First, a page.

The scoop on protein


Anyone who wants to add a protein supplement to their daily meal plan has a decision to make.

Protein supplements are available in many forms and flavors, including powder, pre-mixed drinks, tablets, and nutritional bars. Each has varying amounts of protein and may include other vitamins and nutrients. Below are some popular types of protein powders:


Whey protein is one of the two proteins found in cow’s milk. As a “complete protein,” whey contains all nine essential amino acids. It is easily digested and is considered by many to be the gold standard for building muscle. Types of whey protein include concentrate, isolate, and hydrolysate. The difference occurs in the processing. For example, whey isolate undergoes more processing than whey concentrate, with isolate having a higher protein content and less carbs, fat, and lactose.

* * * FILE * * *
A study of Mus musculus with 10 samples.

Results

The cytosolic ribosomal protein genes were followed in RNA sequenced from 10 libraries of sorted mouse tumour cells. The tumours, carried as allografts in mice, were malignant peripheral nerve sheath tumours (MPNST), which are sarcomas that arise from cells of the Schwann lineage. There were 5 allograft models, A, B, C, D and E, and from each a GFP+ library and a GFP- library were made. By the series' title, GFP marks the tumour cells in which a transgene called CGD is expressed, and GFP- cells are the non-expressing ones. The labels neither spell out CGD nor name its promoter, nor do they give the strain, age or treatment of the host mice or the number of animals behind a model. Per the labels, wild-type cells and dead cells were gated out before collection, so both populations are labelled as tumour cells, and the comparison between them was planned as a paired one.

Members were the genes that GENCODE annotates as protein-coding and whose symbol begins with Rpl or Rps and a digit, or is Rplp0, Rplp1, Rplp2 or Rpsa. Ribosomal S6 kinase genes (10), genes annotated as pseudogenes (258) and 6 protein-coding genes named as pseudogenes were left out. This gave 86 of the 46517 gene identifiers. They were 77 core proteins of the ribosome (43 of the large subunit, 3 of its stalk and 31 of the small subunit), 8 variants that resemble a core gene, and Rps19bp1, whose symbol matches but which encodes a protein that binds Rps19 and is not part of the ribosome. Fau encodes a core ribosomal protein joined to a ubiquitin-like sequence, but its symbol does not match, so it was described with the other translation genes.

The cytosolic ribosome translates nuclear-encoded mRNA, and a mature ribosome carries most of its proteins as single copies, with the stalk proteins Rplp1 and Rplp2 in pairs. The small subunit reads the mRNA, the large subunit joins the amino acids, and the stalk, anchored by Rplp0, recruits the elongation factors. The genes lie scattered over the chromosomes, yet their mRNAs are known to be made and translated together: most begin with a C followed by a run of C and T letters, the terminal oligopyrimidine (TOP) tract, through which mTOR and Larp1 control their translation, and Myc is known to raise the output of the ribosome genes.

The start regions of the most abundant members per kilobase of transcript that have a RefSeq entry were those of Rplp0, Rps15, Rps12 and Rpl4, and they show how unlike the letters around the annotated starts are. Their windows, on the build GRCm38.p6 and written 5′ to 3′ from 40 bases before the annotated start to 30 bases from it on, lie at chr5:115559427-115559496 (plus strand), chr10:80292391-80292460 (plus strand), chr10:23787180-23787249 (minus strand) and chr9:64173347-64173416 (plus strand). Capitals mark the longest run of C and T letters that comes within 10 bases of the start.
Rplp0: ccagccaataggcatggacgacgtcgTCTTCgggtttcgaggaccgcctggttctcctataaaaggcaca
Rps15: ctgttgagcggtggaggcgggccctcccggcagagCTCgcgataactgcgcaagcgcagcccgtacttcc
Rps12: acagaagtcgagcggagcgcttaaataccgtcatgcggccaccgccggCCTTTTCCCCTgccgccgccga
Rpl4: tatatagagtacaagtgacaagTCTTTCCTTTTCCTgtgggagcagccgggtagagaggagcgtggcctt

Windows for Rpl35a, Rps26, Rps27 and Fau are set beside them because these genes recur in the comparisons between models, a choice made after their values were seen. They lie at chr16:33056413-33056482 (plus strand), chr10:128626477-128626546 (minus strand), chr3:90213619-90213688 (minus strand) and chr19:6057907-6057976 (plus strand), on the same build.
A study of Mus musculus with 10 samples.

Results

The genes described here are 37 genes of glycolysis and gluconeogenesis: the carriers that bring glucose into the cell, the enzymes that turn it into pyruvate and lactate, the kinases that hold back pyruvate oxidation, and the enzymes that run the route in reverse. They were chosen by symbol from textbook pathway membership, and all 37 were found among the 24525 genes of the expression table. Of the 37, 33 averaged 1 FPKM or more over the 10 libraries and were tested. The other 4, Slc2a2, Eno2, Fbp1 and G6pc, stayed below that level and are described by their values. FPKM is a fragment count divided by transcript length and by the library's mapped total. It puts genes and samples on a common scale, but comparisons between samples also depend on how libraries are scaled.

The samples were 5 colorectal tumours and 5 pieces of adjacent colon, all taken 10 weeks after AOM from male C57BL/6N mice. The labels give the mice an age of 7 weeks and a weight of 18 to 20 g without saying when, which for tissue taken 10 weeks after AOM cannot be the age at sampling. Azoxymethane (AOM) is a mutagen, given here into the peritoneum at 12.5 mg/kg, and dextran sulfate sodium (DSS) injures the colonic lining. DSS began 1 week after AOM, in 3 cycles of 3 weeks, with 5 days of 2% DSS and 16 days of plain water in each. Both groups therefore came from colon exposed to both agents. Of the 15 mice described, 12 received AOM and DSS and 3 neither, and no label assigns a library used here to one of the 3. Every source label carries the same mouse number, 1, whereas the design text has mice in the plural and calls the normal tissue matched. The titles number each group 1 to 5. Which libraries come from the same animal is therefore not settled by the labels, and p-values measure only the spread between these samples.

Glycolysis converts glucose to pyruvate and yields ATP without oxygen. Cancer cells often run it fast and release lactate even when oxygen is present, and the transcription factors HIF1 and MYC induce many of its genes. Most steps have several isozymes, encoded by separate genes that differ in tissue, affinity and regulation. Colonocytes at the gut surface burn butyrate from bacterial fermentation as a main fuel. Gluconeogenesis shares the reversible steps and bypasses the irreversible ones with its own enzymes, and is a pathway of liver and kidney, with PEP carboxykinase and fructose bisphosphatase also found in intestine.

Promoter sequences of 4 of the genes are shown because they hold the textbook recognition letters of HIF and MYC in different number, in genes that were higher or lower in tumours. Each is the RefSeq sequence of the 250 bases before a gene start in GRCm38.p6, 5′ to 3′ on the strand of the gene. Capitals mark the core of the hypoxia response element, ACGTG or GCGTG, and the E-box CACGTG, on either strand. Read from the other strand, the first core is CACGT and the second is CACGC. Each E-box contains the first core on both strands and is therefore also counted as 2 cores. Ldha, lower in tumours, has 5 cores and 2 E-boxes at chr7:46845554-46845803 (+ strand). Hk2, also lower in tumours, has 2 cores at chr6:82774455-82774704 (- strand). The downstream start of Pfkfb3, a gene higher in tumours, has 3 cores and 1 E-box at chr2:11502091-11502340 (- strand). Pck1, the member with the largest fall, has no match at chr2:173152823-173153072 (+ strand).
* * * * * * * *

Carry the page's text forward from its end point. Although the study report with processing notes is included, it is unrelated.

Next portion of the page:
Like whey protein, casein protein is found in cow’s milk. It is digested and absorbed into the bloodstream much more slowly than whey. Its slow digestion makes it a popular choice for supporting muscle growth and recovery overnight.


Egg white protein powder, like whey, is considered a complete protein. It is dairy-free and easily absorbed by the body. It is an option for people who are lactose intolerant or have dairy sensitivities. However, people with known allergies or sensitivities to eggs should opt for an alternative source of protein.


Plant-based proteins are an alternative to animal-based proteins and are higher in fiber and lower in fat. Some of these protein powders contain only one type of plant-based protein, such as pea or brown rice, while others contain a mixture.

Protein powders are convenient, but unnecessary for most people, according to Harvard Medical School. Most people can get enough protein from their regular diets. However, others—like athletes and other active individuals—may opt for a higher protein intake.